The Iowa legislature has approved a bill allowing its citizens to join the rest of the country in filing fraud claims directly against liable corporations, rather than having to feed their lawsuits through the Attorney General's office. The bill is expected to be signed by Gov. Chet Culver.
The bill, HF 712, passed on Monday by overwhelming margins — 95-1 in the House and 48-1 in the Senate.
Iowa is currently the only state that prohibits its citizens from filing lawsuits directly against companies. As a result, the Attorney General's office is straining under a pile of backlogged lawsuits. The current Attorney General, Democrat Tom Miller, has been championing the legislation for almost 20 years, until now without success.
Indeed, to deal with the 4,000 to 5,000 currently proposed suits, the state would need to hire between 40 and 50 new staff attorneys, which it simply can't afford to do.
Still, while the bill will be a welcome change to Iowa's archaic system, it is not without its flaws. Iowans still will need to seek approval from the Attorney General to file class action suits, and the bill will not apply retroactively. This means that suits which have already been filed will still need to be handled by Miller's office.
Additionally, going forward, the Attorney General will still be forced to sift through every proposed class action and decide if he wants to sign off on it.
More disturbingly, the bill includes exemptions preventing suits against banks, attorneys, insurance provides, doctors, cable companies, veterinarians, and architects. These are big areas in consumer law, and many deal with relationships involving undue influence and unfair business practices against vulnerable individuals.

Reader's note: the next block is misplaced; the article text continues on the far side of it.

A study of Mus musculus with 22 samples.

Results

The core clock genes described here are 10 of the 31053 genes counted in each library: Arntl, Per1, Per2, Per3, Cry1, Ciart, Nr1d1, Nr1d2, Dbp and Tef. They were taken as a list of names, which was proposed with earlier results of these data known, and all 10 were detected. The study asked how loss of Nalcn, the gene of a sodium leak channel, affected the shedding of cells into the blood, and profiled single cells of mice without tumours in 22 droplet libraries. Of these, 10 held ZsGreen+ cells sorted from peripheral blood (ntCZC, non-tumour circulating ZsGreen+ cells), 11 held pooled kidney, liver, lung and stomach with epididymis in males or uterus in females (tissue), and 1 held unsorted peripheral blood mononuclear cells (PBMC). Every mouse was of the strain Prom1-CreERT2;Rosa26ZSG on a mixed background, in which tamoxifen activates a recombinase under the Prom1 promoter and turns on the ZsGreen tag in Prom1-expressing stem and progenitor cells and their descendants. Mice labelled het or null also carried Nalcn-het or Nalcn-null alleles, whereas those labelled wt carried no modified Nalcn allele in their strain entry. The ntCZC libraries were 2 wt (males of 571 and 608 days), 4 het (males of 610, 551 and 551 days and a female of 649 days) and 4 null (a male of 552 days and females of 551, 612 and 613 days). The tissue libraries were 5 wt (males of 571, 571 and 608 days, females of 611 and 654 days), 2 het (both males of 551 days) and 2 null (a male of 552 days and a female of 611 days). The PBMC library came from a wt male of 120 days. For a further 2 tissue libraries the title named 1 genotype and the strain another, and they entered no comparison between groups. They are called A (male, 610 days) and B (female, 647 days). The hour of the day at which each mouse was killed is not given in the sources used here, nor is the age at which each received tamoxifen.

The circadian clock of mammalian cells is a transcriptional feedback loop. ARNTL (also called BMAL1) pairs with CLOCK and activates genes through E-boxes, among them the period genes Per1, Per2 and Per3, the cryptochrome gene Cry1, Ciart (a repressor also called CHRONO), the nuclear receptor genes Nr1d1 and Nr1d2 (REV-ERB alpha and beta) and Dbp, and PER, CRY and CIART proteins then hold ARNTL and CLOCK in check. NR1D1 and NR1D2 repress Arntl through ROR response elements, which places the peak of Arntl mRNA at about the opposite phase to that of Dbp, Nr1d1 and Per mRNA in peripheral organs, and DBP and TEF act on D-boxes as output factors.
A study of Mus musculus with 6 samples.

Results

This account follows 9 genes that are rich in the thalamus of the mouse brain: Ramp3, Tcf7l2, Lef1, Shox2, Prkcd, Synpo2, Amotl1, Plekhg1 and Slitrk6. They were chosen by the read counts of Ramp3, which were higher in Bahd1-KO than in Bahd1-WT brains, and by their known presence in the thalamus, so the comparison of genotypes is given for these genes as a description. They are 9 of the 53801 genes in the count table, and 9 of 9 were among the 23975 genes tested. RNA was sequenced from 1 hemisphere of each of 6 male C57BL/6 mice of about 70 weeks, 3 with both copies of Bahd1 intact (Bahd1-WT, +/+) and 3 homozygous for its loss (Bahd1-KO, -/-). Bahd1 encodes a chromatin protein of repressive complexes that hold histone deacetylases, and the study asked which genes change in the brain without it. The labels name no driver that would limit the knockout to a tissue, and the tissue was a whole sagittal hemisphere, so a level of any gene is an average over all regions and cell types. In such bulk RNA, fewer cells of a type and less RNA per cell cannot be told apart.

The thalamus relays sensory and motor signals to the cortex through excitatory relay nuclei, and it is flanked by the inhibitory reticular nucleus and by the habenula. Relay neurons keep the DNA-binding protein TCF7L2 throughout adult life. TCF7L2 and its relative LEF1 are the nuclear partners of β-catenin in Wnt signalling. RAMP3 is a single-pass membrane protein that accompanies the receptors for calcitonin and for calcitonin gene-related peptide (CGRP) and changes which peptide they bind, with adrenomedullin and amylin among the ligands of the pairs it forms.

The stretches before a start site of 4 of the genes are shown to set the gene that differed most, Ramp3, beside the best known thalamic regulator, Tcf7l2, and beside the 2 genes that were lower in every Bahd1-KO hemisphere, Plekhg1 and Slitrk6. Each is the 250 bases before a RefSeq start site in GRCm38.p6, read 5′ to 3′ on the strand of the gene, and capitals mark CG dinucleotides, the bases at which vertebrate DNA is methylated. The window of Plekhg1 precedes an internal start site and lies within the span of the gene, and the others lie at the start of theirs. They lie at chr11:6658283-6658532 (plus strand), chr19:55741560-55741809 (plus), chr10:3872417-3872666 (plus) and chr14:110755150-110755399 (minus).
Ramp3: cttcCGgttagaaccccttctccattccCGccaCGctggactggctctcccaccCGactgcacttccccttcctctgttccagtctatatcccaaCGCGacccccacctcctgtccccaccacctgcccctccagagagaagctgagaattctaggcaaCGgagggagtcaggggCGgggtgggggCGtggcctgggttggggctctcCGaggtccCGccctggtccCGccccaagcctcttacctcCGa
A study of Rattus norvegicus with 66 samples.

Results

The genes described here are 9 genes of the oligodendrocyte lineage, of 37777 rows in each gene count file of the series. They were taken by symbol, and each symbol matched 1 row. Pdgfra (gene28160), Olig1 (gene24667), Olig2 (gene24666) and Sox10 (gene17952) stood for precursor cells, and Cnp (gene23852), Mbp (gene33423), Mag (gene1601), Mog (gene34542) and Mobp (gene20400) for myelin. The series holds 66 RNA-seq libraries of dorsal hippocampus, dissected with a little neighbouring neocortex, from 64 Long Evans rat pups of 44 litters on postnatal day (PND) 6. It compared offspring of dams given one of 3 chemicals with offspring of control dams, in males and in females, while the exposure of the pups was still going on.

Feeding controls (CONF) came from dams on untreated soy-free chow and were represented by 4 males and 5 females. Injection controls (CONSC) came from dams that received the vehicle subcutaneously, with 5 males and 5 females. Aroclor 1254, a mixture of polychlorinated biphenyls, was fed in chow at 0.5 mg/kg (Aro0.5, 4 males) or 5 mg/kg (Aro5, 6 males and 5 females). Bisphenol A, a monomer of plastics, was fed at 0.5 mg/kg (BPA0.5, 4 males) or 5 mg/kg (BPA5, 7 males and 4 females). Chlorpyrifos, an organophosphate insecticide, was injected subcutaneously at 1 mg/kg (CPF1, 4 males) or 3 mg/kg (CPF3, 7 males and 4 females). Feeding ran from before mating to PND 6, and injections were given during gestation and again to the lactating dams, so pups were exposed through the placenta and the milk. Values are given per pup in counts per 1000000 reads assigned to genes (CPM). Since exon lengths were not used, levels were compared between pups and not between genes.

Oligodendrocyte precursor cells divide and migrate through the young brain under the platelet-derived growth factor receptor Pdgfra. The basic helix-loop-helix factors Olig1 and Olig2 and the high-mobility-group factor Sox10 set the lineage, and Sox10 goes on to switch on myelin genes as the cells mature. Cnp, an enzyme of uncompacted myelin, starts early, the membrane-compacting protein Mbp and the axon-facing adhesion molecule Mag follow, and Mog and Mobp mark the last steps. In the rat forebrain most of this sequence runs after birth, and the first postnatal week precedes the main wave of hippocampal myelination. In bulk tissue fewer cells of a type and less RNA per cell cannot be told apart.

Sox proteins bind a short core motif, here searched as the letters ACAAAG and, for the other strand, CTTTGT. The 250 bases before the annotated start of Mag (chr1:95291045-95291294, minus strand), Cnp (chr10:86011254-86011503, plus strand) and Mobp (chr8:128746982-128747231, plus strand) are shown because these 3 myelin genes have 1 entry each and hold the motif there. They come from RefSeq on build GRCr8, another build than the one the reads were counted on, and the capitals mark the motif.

Certain consumer groups are already voicing concerns about the final state of the bill. In a press release, the AARP noted their "concerns with the number or industries exempted and shielded from action," and singled out the insurance industry, a prime target of defrauded seniors.
Still, Swaim, who also voiced disappointment with the exemptions, told the Des Moines Register that the areas that draw the largest number of complaints — car repair, home remodeling, debt collection, and mortgage brokering — do not need to go through the Attorney Generals office. "No one's getting off scot-free," Swaim said.
Opponents claim the bill will lead to "frivolous lawsuits," which is absurd given the sweeping limitations still placed on consumers and the fact that Iowa is currently alone in prohibiting consumers from filing fraud suits at all.
As Miller put it in a press release, "We have worked on passing this measure for many years ... Today is a great day for Iowa consumers." And he will no doubt be glad to get some of that paperwork off his desk.